Bicycle Safety Tips

Published on May 24, 2016

It’s spring (finally), and for a lot of people, that means getting those gears back in action—literally—by hopping back on their bikes. Before you do that, though, it’s always good to have a little refresher of some bike safety precautions you can take to help reduce your risk of being involved in a bike/car accident.

First, consider whether the weather, traffic conditions and actual roads are suitable for riding before you head out. Bike brakes don’t work as well in the rain, so wet weather might mean that you would need to use an abundance of caution. It’s also a good idea to keep your speed below 15 miles per hour if you’re riding in city traffic. Generally, it’s a good speed to allow you ample stopping distance and reaction time if you need it. Second, take a moment to consider these bicycle safety tips from

Stay on quieter streets. If you decide that you’d rather bike somewhere that you normally drive, don’t take it for granted that the best way to get there by bike is the same as the best route in your car. If you normally drive on heavily-trafficked roads, try to find a bike route that allows you to use roads with fewer and slower-moving cars. Although as a cyclist, you do have the same right to use the busier roads as the motorists do, it is generally safer if you can ride through neighborhoods with less traffic as much as possible.

Remember to signal. Chances are pretty good that if you are conscientious driver, you use your directional signals every time you are about to turn—and you likely do it on auto-pilot, or without giving it much of a thought. That instinct should be the same when you’re cycling. As careful and considerate as a motorist might be, he won’t be able to read your mind or predict what direction you’re intending to go. So, it’s essential that you use the universal arm signals before you turn right or left, and always look behind you when turning left, just to be sure that there aren’t any cars coming.

Avoid using mobile electronic devices while riding. Just like it’s dangerous to drive with headphones in, or while texting or even talking on a mobile phone, it’s similarly dangerous to ride a bike while engaged in these activities. Mobile phones (and listening to music with headphones) present a distraction, and it’s crucial that you are as alert and attuned to your surroundings as possible while riding your bike.

Pretend you’re invisible. Yes, you read that correctly. In other words, ride as though any motorists who are on the road don’t see you. That means that if you’re riding in a way that would cause a car to need to take action to avoid hitting you, then you are relying on that driver to be undistracted, alert and trustworthy to do so. If you’re riding so that it doesn’t matter whether the driver sees you or not, then you are in control and you won’t be hit, even if the driver doesn’t see you. The bottom line is that although you do want drivers to be able to see you while you’re cycling, you also don’t want to have to rely on those drivers for your safety. So, before you maneuver, think about whether you could make the turn or if you’re riding safely even if you were invisible — and, if not, then you’re trusting the driver to take the correct action, which might not always happen.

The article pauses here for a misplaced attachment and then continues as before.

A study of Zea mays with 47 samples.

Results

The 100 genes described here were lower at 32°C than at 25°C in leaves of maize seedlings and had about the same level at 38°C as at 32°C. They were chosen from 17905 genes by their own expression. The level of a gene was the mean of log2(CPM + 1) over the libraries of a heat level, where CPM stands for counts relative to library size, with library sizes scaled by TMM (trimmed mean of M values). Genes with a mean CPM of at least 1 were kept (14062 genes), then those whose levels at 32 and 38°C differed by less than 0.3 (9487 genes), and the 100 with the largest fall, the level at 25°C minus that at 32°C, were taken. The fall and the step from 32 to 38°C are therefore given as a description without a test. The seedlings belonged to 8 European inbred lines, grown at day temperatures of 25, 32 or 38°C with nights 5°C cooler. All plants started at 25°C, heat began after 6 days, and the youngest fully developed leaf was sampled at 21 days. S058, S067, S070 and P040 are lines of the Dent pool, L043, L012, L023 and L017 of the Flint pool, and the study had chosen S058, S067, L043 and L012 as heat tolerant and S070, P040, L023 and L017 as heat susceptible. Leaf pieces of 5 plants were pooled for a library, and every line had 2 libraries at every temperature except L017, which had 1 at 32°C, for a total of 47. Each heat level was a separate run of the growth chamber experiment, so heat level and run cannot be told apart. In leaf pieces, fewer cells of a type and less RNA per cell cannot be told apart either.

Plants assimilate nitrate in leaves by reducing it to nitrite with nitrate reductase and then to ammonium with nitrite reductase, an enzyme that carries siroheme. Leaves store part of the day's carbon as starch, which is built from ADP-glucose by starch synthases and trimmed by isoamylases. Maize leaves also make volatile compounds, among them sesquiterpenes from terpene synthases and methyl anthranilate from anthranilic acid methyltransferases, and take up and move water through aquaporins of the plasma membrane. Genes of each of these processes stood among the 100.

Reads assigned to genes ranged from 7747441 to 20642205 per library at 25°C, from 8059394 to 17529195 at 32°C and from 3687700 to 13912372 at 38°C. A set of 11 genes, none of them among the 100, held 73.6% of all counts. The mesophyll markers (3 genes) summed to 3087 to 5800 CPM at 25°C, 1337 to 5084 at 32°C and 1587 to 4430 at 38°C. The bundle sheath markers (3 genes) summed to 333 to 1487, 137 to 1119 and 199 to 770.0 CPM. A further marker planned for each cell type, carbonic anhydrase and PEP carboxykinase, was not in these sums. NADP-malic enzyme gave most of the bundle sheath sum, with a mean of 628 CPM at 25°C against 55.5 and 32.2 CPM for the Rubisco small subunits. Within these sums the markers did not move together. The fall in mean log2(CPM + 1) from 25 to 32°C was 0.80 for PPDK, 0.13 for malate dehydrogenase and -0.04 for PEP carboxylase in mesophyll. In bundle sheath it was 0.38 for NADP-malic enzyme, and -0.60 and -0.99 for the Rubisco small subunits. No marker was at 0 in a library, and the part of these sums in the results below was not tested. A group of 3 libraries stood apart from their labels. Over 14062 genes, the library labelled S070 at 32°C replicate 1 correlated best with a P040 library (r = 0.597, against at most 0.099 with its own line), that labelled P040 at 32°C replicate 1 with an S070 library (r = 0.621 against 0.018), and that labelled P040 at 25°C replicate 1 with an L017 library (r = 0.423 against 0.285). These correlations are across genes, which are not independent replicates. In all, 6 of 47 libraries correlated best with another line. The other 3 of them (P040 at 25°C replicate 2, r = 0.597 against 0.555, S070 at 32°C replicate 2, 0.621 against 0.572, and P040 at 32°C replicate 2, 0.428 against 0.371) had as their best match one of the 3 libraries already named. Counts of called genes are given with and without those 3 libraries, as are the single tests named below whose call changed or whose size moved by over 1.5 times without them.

Use appropriate lighting when riding at night. Headlights and tail lights are equally important when riding in the dark. Many of the “blinky” tail lights are inexpensive and available at your local bike shop. You can also purchase LED headlights so that the bulbs will last up to ten times as long as traditional lights.

Sometimes, taking the whole lane is safest. It might seem like the smartest way to ride is to hug the right curb, but that’s not always the case. There are three main reasons why moving to the left can help you:

  1. A car at an intersection in front of you can see you better in the middle of the road than if you’re on the edge.
  2. If you’re towards the right on a road where there are parked cars, you’re in danger of being hit by a driver opening his door without warning.
  3. Taking the lane can avoid cars buzzing past you too closely.

You have to use judgment in each scenario as to whether taking the line is safe or practicable. It ultimately will depend on whether the road is narrow, has a lot of intersections and driveways, and the speed of the traffic. If you must ride towards the center of the lane in order to avoid parked cars and traffic from the right, but there are cars forced to slow behind you or change lanes to go around you, then it’s likely not a good road for bicycling.

Remember, plain, old fashioned common sense goes a long way when riding your bicycle. Be aware of your surroundings, try to communicate your intentions to motorists, and take precautions with speed and traffic considerations. If you do get injured, McIntyre Law can help. Contact us today for a free consultation.


Noble McIntyre began practicing law in Oklahoma in 1995, and has spent his entire career exclusively devoted to representing the injured. Noble has built McIntyre Law into a practice that represents clients nationally in mass tort cases, as well as those injured in his cherished home community of Oklahoma. He leads a practice dedicated to obtaining just outcomes for the injured and his team has obtained multi-million-dollar settlements and judgments for clients. Read more about Noble McIntyre.